More on ICBC Injury Claims and the Subjective Nature of Pain


Reasons for judgement were released today by the BC Supreme Court, New Westminster Registry, highlighting an important truth in injury litigation – it is not up to ICBC’s doctors to decide if a Plaintiff’s pain complaints are legitimate, rather it is up to the Judge or Jury.
In today’s case (Sharma v. Didiuk) the Plaintiff was involved in 2004 rear end collision in Delta, British Columbia.  Fault was admitted by the rear motorist.   The vehicles did not suffer much damage but the Plaintiff alleged injury.
The Plaintiff’s doctor provided the following evidence with respect to her accident related injuries:
She sustained soft tissue injuries of her back, neck, and shoulders. This pain is present several times a week. It is aggravated by her work as a hairdresser. It is also aggravated by lifting or carrying. She has used Tylenol, heat, anti[?]inflammatories, physiotherapy, and massage as treatment with some variable symptoms. Her recent pregnancy also aggravated her symptoms. Ms Sharma’s pain has become chronic recurrent in nature. With regular strengthening and stretching exercises she should continue to remain functional with pain. She may require future treatments of massage, physiotherapy, and accupun[c]ture, to manage her pain. She will likely remain prone to aggravations of her pain with prolonged standing, lifting of her arms to shoulder height, and carrying.
The Defendant arranged for an ‘independent medical exam’ with orthopaedic surgeon Dr. Boyle.  Dr. Boyle disagreed with the Plaintiff’s physician with respect to the extent of the Plaintiff’s injuries.  Dr. Boyle provided the following evidence:

[66] In his report Dr. Boyle concluded that the plaintiff had suffered a minor myofascial strain to her cervical spine with injury to ligaments, tendons and muscles, and that medical management for this should be in the form of stretching and strengthening exercises and the use of anti-inflammatories.

[67] He also said she may have suffered a very minor strain to her lumbar spine although she was asymptomatic at the time of his examination.

[68] He concluded there was no disability associated with her function as a hairdresser from 2005 onwards and the myofascial strain that she would have suffered would have been very mild at most with a very transient and limited effect on her.

[69] In his opinion there is no disability associated with the events surrounding the motor vehicle accident and no vocational or avocational limitations to be placed on her, with no need for any passive modalities of treatment.

[70] At trial he agrees that pain is usually considered chronic after two years, and that soft tissue injury may not exhibit any objective signs. Even if the soft tissue injuries heal in three months they can still produce current pain.

[71] However, in his opinion the probability that the plaintiff has these complaints ongoing is very low.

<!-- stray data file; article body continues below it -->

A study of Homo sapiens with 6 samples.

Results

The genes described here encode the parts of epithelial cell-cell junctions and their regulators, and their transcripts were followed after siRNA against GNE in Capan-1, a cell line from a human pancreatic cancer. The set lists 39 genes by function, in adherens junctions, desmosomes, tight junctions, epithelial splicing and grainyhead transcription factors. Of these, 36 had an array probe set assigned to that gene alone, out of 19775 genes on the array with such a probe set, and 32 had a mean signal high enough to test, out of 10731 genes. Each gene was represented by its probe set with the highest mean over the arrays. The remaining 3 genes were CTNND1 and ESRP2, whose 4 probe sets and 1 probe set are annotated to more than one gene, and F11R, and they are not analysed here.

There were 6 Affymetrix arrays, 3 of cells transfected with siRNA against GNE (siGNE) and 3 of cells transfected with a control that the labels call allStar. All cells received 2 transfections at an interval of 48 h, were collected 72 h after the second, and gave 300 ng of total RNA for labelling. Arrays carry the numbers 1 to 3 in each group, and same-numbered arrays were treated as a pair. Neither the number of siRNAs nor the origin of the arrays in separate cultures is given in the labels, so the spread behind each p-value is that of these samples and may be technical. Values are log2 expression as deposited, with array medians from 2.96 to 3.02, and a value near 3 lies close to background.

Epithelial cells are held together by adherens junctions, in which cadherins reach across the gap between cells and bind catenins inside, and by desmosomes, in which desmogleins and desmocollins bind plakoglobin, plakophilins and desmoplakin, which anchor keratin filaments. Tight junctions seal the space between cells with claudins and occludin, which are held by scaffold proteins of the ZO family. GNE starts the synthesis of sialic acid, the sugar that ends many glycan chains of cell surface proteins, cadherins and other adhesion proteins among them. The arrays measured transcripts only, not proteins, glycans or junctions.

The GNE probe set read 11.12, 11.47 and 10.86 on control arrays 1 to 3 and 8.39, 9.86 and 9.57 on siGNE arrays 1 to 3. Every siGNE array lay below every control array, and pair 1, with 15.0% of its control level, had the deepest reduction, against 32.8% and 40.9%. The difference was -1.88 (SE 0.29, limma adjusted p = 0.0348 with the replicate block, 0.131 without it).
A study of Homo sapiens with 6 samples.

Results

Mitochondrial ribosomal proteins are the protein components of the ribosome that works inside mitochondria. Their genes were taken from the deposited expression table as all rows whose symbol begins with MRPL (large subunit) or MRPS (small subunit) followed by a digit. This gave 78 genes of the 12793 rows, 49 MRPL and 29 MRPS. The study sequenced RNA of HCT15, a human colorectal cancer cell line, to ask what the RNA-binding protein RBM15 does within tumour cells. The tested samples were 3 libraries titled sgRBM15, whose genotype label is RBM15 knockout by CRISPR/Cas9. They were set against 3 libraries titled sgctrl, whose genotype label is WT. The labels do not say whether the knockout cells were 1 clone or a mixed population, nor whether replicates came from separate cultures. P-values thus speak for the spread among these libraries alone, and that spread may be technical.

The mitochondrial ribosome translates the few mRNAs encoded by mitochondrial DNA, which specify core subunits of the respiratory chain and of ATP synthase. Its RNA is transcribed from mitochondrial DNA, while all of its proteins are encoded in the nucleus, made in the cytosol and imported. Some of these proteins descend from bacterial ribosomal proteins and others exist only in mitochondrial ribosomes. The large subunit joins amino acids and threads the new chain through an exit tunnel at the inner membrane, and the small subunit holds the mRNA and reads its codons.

The Court went on to accept that the Plaintiff was injured and rejected Dr. Boyle’s opinion.  In awarding the Plaintiff $30,000 for her non-pecuniary damages Mr. Justice Truscott made the following comments:

[73] I also accept that the plaintiff’s complaints of continuing pain from her soft tissue injuries have exceeded the expected time period for recovery.

[74] I conclude that Dr. Boyle is saying in his own words that he does not believe the plaintiff when she says she still has continuing pain from injuries in this motor vehicle accident, almost six years later, as he found no basis for that in his examination and in his general understanding of the effects of minor soft tissue injuries.

[75] However, the fact is that I do accept the plaintiff’s evidence when she says she is still suffering pain from soft tissue injuries that she sustained in this motor vehicle accident of April 8, 2004.

[76] I therefore reject the opinion of Dr. Boyle that she does not have any further effects from those injuries, and I will assess the plaintiff’s damages on the basis that she continues to suffer some chronic pain from these injuries caused by the motor vehicle accident….

[92] I conclude the plaintiff’s present pain is intermittent and not continuous and that it depends on what activity she carries out and for how long she carries out those activities.

[93] She was able to continue her schooling full-time after the accident and was able to continue thereafter working close to full-time or at full-time at her hairdressing employments…

[98] Here I accept that the plaintiff’s ability to continue to work full-time has been accomplished with some difficulty because of her injuries as she has to stand and reach for long periods of time which brings about pain and discomfort and exhausts her by the end of the day. Her social activities have also been curtailed.

[99] I accept the prognosis of Dr. Rayavarapu and after reviewing the cases cited by both counsel, I consider a proper award for the plaintiff for non-pecuniary damages attributable to this motor vehicle accident to be $30,000. In assessing non?pecuniary damages in this amount I have already reduced the full value of her injuries by $10,000 to account for the measurable risk of her pre-existing injuries continuing to affect her regardless of this accident.

Only an injured person truly knows the extent of their pain.  If a Defendant arranges for an independent medical exam and that doctor minimizes the extent of the injury cases such as this one serve as an important reminder that the Defence Medical Examiner is not the Judge and Jury.

credibility, Defence Medical Exams, DME, Dr. Boyle, icbc injury claims, ime, independent medical exams, Mr. Justice Truscott, Sharma v. Didiuk

MAGRAKEN

Personal Injury Lawyer

When not writing the BC Injury Law Blog, Erik is the managing partner at MacIsaac & Company, based in Victoria, B.C. He is also involved with combative sports regulatory issues and authors the Combat Sports Law Blog.